Charitable tax deductions let you donate to a good cause and cut your tax bill at the same time. And, because so many lives across the globe have been devastated by the coronavirus pandemic and related restrictions on businesses, your donations to charity are need more than ever this year. Stimulus payments and enhanced unemployment benefits only go so far for people who are really in need.
And those who do give a gift will also receive one…in the form of a tax deduction. This year (as for 2020), Americans who donate to charity will receive a charitable tax deduction whether they itemize or take the standard deduction. Plus, if you itemize, you can deduct more for 2021 donations than what's normally allowed. So, break out your checkbook or jump online and send a donation to your favorite charity today. Read on to see how you'll be rewarded.
$300 Deduction If You Claim the Standard Deduction
For the 2021 tax year, people who take the standard deduction can deduction up to $300 of cash donations to charity. Note the emphasis on the word "cash" – this deduction isn't available if you donate a car, clothing, food, furniture, or any other property. Donations to donor advised funds and certain organizations that support charities are not deductible, either. Contributions carried forward from prior years and most cash contributions to charitable remainder trusts are excluded, too.
The $300 amount is per person. So, if you're married and filing a joint return, you can deduct a total of $600 on your 2021 tax return (which you'll file in 2022). The deduction won't reduce your 2021 adjusted gross income, though.
This new deduction was originally allowed for 2020 returns only. However, the recent COVID-relief and government spending bill extended the $300 charitable deduction for non-itemizers for another year. There are some differences between the 2020 and 2021 deduction, though. For instance, the maximum deduction for joint filers is $300 for 2020 returns. The 2020 deduction also reduces your AGI.
Charitable Deductions for Itemizers
As always, people who itemize deductions can generally write off gifts to charity this year on Schedule A of their 2021 tax return. In addition to cash contributions, itemizers can also deduct the fair market value of donated property and out-of-pocket expenses paid to do volunteer work for a charitable organization. For example, if you drove to and from volunteer work, you can deduct the actual cost of gas and oil or 14¢ per mile, plus parking and tolls. You can't deduct any amounts that are reimbursed, though. For tips on determining the fair market value of donated property, see IRS Publication 561.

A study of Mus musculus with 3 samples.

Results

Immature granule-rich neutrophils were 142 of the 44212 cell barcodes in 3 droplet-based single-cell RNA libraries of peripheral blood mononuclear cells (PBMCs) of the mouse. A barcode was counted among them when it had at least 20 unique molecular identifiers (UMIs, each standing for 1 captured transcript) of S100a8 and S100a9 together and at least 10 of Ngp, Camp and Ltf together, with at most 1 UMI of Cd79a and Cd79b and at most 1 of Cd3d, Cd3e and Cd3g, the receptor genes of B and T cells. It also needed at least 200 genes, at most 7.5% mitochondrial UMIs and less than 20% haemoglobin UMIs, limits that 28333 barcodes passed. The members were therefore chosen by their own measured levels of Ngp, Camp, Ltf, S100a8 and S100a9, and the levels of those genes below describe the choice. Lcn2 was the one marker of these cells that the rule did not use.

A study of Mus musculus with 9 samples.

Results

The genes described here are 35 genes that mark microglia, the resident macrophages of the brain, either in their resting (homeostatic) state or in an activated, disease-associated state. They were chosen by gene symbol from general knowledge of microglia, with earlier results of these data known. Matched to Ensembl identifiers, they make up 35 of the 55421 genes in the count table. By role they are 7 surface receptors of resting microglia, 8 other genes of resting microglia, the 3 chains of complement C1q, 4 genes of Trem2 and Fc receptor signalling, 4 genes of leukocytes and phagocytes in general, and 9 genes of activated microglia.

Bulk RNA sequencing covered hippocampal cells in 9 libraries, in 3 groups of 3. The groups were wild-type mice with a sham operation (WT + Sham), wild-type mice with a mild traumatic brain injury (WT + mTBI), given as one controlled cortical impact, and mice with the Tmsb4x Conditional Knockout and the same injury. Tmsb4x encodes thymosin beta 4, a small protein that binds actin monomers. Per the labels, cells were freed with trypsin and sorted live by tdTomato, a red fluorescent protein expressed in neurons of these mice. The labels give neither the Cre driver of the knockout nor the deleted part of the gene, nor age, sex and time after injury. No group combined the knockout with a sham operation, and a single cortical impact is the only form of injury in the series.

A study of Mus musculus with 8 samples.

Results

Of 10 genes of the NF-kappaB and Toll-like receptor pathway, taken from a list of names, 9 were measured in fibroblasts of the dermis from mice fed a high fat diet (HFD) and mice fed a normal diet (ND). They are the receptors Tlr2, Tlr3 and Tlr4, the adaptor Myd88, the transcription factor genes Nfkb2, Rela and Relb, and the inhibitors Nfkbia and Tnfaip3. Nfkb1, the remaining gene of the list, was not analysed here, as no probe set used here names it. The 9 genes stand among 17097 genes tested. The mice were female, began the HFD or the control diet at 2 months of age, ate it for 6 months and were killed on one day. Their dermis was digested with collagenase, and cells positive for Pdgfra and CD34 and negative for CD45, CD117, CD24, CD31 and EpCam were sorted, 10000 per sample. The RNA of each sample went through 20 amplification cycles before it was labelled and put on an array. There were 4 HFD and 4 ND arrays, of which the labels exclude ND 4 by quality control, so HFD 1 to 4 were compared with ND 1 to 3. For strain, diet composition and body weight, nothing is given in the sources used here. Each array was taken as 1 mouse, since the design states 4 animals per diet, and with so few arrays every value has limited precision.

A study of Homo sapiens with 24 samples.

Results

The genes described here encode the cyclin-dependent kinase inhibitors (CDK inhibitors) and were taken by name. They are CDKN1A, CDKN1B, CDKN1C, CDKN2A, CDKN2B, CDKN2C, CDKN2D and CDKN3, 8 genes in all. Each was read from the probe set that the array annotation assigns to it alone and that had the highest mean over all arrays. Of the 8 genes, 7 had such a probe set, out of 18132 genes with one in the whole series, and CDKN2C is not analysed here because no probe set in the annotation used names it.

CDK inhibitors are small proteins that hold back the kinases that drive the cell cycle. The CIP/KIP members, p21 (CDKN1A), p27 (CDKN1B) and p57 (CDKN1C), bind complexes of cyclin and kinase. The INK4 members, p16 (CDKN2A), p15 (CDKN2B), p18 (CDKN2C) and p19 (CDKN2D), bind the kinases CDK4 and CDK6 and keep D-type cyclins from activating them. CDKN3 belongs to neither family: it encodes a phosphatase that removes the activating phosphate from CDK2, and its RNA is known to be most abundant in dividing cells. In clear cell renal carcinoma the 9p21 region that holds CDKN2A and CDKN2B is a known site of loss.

There are certain hoops you might have to jump through before claiming a Schedule A charitable deduction. For instance, for gifts of $250 or more, you must get a written acknowledgment from the charity stating (1) the amount of any cash donation and a description (but not value) of any donated property, and (2) whether the charity gave you any goods or services in return for your contribution. If you donate property worth $500 or more, you have to submit Form 8283 with your return. If you donate a motor vehicle, boat, or airplane worth over $5,000, you might have to get the property appraised, too. There are other requirements that need to be satisfied, so make sure you read the Schedule A instructions carefully before claiming a charitable deduction.
The amount you can deduct can be limited or reduced, too. For example, if you make a gift and receive a benefit in return – such as food, entertainment, or merchandise – you generally have to subtract the value of the benefit from your deduction. If you donate property to certain charitable organizations, your deduction might be limited to 50% of your AGI. There's also a 30%-of-AGI limit for capital gain property contributed to certain organizations. Again, check the Schedule A instructions and IRS Publication 526 or additional limits.
One limit that you won't have to worry about for 2021 donations is the 60%-of-AGI limit on cash contributions. That limit was removed last year for the 2020 and 2021 tax years (although there's still a 100%-of-AGI limit on all charitable contributions). However, as with the $300 deduction for non-itemizers, this tax relief measure doesn't apply to donations to donor advised funds and supporting organizations, or to most cash contributions to charitable remainder trusts.
Charities Accepting Tax Deductible Donations
Even though your donation may be used for a good cause, that doesn't necessarily mean that you can deduct it. Only contributions to certain charitable organizations are deductible. For example, if you gave money through a GoFundMe page to help a local business that's struggling during the pandemic, you probably can't deduct that donation.
Fortunately, there's an easy way to determine if donations you make to an organization are tax-deductible charitable contributions. The IRS's online "Tax Exempt Organization Search" tool will tell you if an organization is tax-exempt and eligible to receive tax-deductible charitable contributions.